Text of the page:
On September 10, 2019, join José Woss, FCNL’s legislative manager for Criminal Justice, for a special briefing. Learn about upcoming opportunities to restore dignity and opportunity to people who are incarcerated, and actions you can take to advance political change.
On July 25, Attorney General William Barr announced that the federal government will start carrying out death sentences for the first time in nearly two decades by ordering the executions of five inmates. FCNL opposes this action and believes the death penalty should be abolished in all jurisdictions.
In the 1990’s leaders in Washington, D.C. sought to increase punitive sentences and address crime through harsh punishment. The Violent Crime Control and Law Enforcement Act of 1994 (P.L. 103-322) increased prison sentences, created incentives for states to build new prisons, and strengthened laws that made the incarcerated serve more of their sentence before their release. The law also eliminated Pell Grants in prisons.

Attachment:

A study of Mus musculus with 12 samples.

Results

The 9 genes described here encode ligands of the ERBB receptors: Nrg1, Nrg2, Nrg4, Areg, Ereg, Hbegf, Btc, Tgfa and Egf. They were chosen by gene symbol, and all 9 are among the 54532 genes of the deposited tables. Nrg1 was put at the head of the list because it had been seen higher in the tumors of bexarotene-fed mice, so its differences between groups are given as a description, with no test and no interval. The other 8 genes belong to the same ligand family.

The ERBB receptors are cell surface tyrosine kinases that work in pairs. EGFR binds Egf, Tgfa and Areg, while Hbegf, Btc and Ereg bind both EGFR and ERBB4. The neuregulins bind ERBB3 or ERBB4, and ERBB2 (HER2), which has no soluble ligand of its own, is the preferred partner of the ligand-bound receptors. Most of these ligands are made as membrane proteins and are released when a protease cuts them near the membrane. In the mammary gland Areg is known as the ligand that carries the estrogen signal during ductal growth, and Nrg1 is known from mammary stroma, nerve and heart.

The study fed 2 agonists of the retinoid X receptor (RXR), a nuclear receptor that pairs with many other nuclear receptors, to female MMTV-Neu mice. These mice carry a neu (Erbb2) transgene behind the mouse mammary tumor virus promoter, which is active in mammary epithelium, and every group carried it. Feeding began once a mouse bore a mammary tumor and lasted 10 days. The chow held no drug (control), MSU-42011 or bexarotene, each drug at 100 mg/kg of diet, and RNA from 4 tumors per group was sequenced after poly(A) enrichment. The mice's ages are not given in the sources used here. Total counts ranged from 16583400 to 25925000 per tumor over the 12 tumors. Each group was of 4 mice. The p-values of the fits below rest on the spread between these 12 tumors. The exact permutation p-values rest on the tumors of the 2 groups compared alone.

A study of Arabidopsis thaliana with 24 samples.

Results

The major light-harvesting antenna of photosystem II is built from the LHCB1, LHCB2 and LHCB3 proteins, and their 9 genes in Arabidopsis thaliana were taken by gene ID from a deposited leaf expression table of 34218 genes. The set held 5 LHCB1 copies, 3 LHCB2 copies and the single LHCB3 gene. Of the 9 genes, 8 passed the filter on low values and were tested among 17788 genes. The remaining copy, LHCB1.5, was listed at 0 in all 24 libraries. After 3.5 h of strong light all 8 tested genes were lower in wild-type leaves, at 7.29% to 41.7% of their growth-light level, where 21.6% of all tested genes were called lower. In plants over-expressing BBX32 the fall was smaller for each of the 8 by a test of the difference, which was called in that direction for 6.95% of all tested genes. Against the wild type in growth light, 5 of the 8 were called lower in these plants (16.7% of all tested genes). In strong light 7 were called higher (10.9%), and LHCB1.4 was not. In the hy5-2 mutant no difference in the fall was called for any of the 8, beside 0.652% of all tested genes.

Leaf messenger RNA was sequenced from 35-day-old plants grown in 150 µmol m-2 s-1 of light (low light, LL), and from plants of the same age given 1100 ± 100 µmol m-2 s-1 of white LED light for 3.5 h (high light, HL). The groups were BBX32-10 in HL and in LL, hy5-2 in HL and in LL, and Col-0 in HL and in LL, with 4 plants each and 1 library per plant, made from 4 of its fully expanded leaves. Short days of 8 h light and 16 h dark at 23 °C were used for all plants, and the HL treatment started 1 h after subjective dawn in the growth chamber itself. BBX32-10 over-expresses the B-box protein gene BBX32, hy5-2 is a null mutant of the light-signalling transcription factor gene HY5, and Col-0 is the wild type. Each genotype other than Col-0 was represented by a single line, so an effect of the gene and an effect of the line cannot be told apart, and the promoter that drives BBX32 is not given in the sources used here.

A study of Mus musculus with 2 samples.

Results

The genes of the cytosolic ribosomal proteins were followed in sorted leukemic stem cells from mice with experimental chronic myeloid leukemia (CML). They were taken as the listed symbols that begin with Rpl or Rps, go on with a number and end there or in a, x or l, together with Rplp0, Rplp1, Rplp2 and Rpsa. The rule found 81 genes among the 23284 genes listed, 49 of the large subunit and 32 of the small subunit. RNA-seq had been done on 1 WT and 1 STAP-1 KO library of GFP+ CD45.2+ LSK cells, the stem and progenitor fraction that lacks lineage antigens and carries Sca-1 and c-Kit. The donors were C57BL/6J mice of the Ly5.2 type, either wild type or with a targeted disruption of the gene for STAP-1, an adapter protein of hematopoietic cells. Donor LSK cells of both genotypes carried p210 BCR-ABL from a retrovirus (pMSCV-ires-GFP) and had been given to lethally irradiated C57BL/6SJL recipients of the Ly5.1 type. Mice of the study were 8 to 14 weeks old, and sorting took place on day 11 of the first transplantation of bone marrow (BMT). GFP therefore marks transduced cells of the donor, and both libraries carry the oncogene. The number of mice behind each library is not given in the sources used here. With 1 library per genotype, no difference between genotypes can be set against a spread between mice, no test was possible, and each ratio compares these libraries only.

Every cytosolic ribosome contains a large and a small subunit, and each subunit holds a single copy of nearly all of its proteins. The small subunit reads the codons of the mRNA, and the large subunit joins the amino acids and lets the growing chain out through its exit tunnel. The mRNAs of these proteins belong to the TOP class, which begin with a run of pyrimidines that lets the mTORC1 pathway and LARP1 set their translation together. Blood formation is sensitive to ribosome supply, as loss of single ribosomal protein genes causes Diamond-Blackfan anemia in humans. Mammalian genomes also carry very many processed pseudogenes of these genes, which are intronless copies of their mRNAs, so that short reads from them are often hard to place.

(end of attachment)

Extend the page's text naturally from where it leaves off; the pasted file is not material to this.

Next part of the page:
The House passed several spending bills for fiscal year 2020 in June—including the Labor Health and Human Services (Labor-H), Transportation, Housing and Urban Development (T-HUD), Commerce Justice Science (CJS), Interior Energy and Water, and State Foreign Operations (SFOPs) appropriations bills.
The Pentagon’s 1033 program transfers weapons designed for war zones to local police forces in the United States, fueling the perception that local law enforcement is a military force occupying our communities.
Mass incarceration is built upon excessive sentences and limited opportunities for rehabilitation. Workforce training and education in prison are key to unlocking potential and increasing the likelihood of success upon release.
President Donald Trump’s proposed FY 2020 budget lays out a disturbing vision for the future of our country that offers billions more for war, walls, and detention at the expense of our families, our health, and our safety.